The Sacramento City Council will discuss whether it should draft an urgency ordinance that would require special permits for water bottling facilities after some members of the community raised concerns over a new Nestle water plant planned for south Sacramento.
Councilman Kevin McCarty asked Tuesday night for city staff to place the discussion on a council agenda in the near future. He also asked the city's utilities department to explore a system of tiered water rates for commercial facilities.
After six years of surprisingly contentious and frustrating attempts to bottle the glacier-fed spring water flowing in the small Northern California town of McCloud, Nestlé is giving up.
With Nestlé’s announcement to withdraw its water bottling facility plans only four days old and a public hearing on the issue of raising district water service rates, it was no surprise that last Monday’s McCloud directors meeting was packed.
With a public hearing for protest against a proposed water rate increase scheduled first, many residents presented their concerns on the issue.
McCloud, Calif. -
Nestlé Waters North America has decided to withdraw its proposal to build a bottling facility in McCloud.
The decision followed what Nestlé Waters described as “a thorough analysis of its business operations in Northern California,” including the new facility the company has secured in Sacramento that it sees as a replacement for the production expected from McCloud.
Water pumps began running this week at the proposed Crystal Geyser sparkling water bottling plant site in Orland.
Conducting the tests at County Road 200 and County Road N is Malcolm Pirnie, a 100-year-old environmental engineering firm specializing in water engineering.
"The key to the test we are starting this week in Orland is to establish and benchmark what is referred to as a 'sustainable yield,' the pumping rate that can reliably be used over a long period of time without negatively impacting the aquifer or nearby private wells," Project Manager James Strandberg said.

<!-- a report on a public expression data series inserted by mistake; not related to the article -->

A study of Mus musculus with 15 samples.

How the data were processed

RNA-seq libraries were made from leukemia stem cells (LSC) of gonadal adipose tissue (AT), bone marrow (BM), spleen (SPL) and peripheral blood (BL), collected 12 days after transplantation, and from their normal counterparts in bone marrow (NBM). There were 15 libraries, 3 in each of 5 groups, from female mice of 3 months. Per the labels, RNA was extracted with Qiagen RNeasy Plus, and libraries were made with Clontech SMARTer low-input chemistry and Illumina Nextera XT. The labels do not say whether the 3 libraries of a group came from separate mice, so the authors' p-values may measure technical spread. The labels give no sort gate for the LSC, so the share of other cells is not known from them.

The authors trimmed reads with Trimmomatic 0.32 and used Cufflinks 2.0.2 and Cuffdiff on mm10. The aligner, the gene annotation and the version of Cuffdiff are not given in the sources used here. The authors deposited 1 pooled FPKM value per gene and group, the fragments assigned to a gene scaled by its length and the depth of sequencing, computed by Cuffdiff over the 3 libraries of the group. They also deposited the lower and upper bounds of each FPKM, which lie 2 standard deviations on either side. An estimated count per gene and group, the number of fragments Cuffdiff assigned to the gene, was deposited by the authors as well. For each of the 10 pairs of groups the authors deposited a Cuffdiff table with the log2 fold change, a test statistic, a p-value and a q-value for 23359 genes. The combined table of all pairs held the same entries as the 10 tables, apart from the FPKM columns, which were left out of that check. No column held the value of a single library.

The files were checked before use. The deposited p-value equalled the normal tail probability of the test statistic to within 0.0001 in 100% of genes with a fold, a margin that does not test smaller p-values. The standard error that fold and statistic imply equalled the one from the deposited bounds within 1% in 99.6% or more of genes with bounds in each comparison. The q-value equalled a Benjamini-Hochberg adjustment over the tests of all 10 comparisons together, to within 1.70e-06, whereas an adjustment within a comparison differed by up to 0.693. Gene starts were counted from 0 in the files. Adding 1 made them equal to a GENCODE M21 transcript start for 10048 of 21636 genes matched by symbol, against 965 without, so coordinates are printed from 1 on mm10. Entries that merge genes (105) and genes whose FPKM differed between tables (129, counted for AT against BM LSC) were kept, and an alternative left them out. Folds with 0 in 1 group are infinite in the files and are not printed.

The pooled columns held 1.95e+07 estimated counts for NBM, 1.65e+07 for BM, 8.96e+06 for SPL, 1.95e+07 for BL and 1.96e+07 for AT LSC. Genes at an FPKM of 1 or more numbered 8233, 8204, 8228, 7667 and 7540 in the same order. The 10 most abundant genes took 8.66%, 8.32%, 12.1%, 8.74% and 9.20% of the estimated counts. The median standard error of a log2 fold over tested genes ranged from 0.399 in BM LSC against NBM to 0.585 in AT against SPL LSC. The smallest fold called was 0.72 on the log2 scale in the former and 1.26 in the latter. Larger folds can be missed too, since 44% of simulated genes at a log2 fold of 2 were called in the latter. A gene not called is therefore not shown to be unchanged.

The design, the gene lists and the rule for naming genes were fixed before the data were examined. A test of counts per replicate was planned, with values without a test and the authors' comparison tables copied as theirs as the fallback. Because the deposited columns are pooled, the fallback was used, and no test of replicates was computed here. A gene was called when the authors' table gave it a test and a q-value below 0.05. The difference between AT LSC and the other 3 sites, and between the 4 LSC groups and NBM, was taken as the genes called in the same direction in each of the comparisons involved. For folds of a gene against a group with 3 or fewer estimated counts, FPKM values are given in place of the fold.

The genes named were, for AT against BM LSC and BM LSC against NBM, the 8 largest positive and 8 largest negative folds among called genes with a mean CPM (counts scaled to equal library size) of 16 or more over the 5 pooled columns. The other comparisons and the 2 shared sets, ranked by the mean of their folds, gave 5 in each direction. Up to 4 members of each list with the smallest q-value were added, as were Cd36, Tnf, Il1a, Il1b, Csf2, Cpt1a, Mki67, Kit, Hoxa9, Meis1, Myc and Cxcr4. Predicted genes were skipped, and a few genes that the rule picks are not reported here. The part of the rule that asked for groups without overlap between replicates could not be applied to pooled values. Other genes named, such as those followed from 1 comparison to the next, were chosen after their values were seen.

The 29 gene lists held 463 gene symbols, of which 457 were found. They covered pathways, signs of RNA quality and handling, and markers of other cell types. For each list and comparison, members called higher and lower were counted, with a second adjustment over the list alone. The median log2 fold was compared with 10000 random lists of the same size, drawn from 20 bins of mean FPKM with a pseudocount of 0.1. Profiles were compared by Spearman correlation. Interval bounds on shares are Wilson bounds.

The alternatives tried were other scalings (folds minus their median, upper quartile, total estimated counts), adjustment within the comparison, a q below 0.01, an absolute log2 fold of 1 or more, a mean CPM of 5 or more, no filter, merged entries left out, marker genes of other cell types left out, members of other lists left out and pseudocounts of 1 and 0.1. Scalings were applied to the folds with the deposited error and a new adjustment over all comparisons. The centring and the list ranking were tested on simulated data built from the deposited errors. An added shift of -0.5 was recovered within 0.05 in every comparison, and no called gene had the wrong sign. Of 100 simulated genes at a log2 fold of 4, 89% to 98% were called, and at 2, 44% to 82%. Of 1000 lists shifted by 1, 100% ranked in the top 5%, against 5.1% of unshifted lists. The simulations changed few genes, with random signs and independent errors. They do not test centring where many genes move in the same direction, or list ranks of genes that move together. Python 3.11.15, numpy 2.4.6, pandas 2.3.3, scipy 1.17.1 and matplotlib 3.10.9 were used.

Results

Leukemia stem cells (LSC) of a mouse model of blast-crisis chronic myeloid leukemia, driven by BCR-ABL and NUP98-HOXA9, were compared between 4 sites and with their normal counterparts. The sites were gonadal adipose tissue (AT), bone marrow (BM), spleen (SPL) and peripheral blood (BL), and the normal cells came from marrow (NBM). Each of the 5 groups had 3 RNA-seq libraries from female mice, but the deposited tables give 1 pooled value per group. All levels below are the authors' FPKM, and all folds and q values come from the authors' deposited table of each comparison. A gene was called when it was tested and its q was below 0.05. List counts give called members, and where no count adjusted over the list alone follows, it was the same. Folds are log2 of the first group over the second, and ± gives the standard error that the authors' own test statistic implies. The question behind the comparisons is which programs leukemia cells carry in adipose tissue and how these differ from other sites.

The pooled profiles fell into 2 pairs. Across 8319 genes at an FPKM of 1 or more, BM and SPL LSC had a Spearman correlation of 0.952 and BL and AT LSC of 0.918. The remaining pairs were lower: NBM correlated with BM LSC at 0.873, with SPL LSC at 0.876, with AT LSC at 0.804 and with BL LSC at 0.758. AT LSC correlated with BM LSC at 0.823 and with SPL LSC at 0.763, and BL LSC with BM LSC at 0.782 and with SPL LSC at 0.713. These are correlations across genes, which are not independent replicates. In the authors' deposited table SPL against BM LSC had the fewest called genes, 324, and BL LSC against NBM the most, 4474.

ORLAND — For the first time since Crystal Geyser Water Co. revealed it may locate a plant in Orland, the City Council heard comments at an official meeting from concerned citizens who oppose the project.
The issue has not been discussed before by the council because the application goes through the Technical Advisory Committee for a decision.
The council could not take action or respond in depth because the comments were made during time reserved for unscheduled citizens' business.
UNITED NATIONS - The growing commercialisation of water - and the widespread influence of the bottling industry worldwide - is triggering a rising demand for the legal classification of one of the basic necessities of life as a human right.
"We definitely need a covenant or [an international] treaty on the right to water so as to establish once and for all that no one on earth must be denied water because of inability to pay," says Maude Barlow, a senior adviser to the President of the U.N. General Assembly, on water issues.
Concerned citizens were out in force Monday night to talk about the proposed Crystal Geyser Water Co. bottling plant.
The three-hour discussion, led by almond farmer Joanne Overton with an introduction by almond and prune farmer Sharon Ellis-Conte, began with comments from the standing-room-only crowd at the Farm Bureau Office in Orland.
McCloud, Calif. -
There are no plans to pull out of McCloud quite yet, which was reported in Monday’s Siskiyou Daily News, according to Dave Palais, Nestlé Waters North America’s natural resources manager for Northern California.
Palais, who has been involved with the plans for a bottling plant in McCloud for several years, said in an interview Monday that Nestlé has selected a site in Sacramento for a new proposed bottling facility, but the impact that facility will have on plans for McCloud is yet to be analyzed.
Officials at Crystal Geyser Water Co. in Calistoga acknowledge they no longer use on-site water sources for their bottled sparkling water.
But they are tight-lipped about the sources for the water they sell. Some of it comes from wells in Rohnert Park and Livermore, according to tanker drivers who spoke this week to a reporter.
Richard Weklych, vice-president for manufacturing at Crystal Geyser, said he would neither confirm nor deny what they said.